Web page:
By Karen Schwartz, chabad.org
Mendy Maierovitz flew in from Toronto specifically to attend a New York event supporting one of the oldest social service organizations in operation in Israel.
What attracted him to Colel Chabad’s International Awards Dinner was that almost 230 years after its founding by the First Chabad Rebbe, Rabbi Schneur Zalman of Liadi, the network of food distribution centers, soup kitchens, and subsidized stores is still going strong. And in the midst of an economic slump, it just finished one of its best years ever.
“It’s just a great organization,” said Maierovitz, who joined 800 people mingling over hors d’oeuvres stations of sushi, soups, carved meat, falafel and dumplings before heading in to sit around 75 tables decorated with flowered centerpieces. “And they do phenomenal work.”
All told, Colel Chabad posted a 26 percent increase in distributions, announced the organization’s director, Rabbi Shalom Duchman.
In delivering the annual Shareholders’ Report, he reviewed Colel Chabad’s various units, including its mass Bar Mitzvah ceremony for Israeli orphans, reduced-cost dental clinics, daycare centers, and this year’s dedication of the 25,000-square foot Slager Logistics Center for food distributions.
“We don’t judge the poor, we feed the poor,” Duchman told the applauding crowd.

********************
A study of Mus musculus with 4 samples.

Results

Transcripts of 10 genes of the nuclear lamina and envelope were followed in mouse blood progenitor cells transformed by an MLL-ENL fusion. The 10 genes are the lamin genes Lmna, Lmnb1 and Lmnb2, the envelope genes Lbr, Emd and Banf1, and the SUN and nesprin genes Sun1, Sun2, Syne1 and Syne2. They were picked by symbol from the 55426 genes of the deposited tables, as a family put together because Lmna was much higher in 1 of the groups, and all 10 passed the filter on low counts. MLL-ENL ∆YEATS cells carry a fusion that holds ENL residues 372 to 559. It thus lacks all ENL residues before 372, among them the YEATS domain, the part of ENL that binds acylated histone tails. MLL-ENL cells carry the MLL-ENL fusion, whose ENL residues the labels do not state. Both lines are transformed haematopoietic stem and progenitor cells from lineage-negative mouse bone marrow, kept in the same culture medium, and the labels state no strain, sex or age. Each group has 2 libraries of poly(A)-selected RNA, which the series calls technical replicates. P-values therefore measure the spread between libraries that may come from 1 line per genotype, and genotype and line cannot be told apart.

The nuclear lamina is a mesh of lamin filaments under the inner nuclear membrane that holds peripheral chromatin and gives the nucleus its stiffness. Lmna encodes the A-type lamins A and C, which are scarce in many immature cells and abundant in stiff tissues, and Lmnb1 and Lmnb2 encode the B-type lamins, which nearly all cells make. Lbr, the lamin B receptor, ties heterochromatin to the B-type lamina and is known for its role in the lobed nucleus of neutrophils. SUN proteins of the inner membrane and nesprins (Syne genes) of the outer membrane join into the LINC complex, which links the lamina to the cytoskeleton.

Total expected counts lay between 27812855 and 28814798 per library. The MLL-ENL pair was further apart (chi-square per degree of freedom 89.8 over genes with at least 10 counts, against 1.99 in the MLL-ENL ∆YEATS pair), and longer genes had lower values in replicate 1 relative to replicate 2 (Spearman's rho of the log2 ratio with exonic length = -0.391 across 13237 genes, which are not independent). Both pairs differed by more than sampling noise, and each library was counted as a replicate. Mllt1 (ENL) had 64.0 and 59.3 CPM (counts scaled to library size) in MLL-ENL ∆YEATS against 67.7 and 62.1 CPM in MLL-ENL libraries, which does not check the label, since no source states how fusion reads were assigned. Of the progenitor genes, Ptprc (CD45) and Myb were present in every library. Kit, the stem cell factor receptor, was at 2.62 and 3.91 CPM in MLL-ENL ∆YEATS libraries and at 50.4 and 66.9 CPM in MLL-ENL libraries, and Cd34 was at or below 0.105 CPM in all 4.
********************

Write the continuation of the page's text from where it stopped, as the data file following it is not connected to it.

Over the past year, said the rabbi, Colel Chabad subsidized 420 weddings for poor families, bringing the total of such events to more than 6,000 since 1995.
For Maierovitz, who has attended the awards dinner for years, such numbers are inspiring.”They just want to help whoever they can,” he said.
That underlying desire was evident in Duchman’s speech. “We always need to strive higher and higher,” said Duchman.
The rabbi then went on to list a host of events planned for next year, including the opening of Colel Chabad’s 20th soup kitchen, its sixth not-for-profit store, three daycare sites and four new dental clinics.
“Everything we do,” he told the donors in the New York Hilton ballroom, “is possible because of you.”
New York City Council Speaker Christine Quinn commended the organization’s work as an example in the way it treats those it serves. She said it offered lessons on how to “bring that level of respect and dignity to our soup kitchens and food pantries.”
Newark Mayor Cory Booker delivered the keynote address. “We have a calling,” said Booker. “Life is not a spectator sport in which we can luxuriate in what we have.”
David and Eda Schottenstein, Sant Singh Chatwal, and Rickie Freeman-Platt were also honored at the dinner.
After the event, Colel Chabad director of development Rabbi Zalman Duchman said that he was impressed with the diversity of the crowd, and hoped people walked away with a sense of what individuals can accomplish by joining together.
“The energy was outstanding, very positive energy in the room,” he explained. “And the bottom line is the element of commitment for us to continue.”
Jatin Shah, professor of surgery at Memorial Sloan-Kettering Cancer Center, said he attended to support Sant Singh Chatwal. “I met so many people I didn’t know,” he said. “The food is good, but that’s not the reason I’m here.”
Shah explained that he felt such functions were “crucial” to highlighting the shared priorities between communities.
“The family values and the cultural values of the Jewish people are very similar,” he offered. “Jewish people are committed to family and religion and so are” Indians.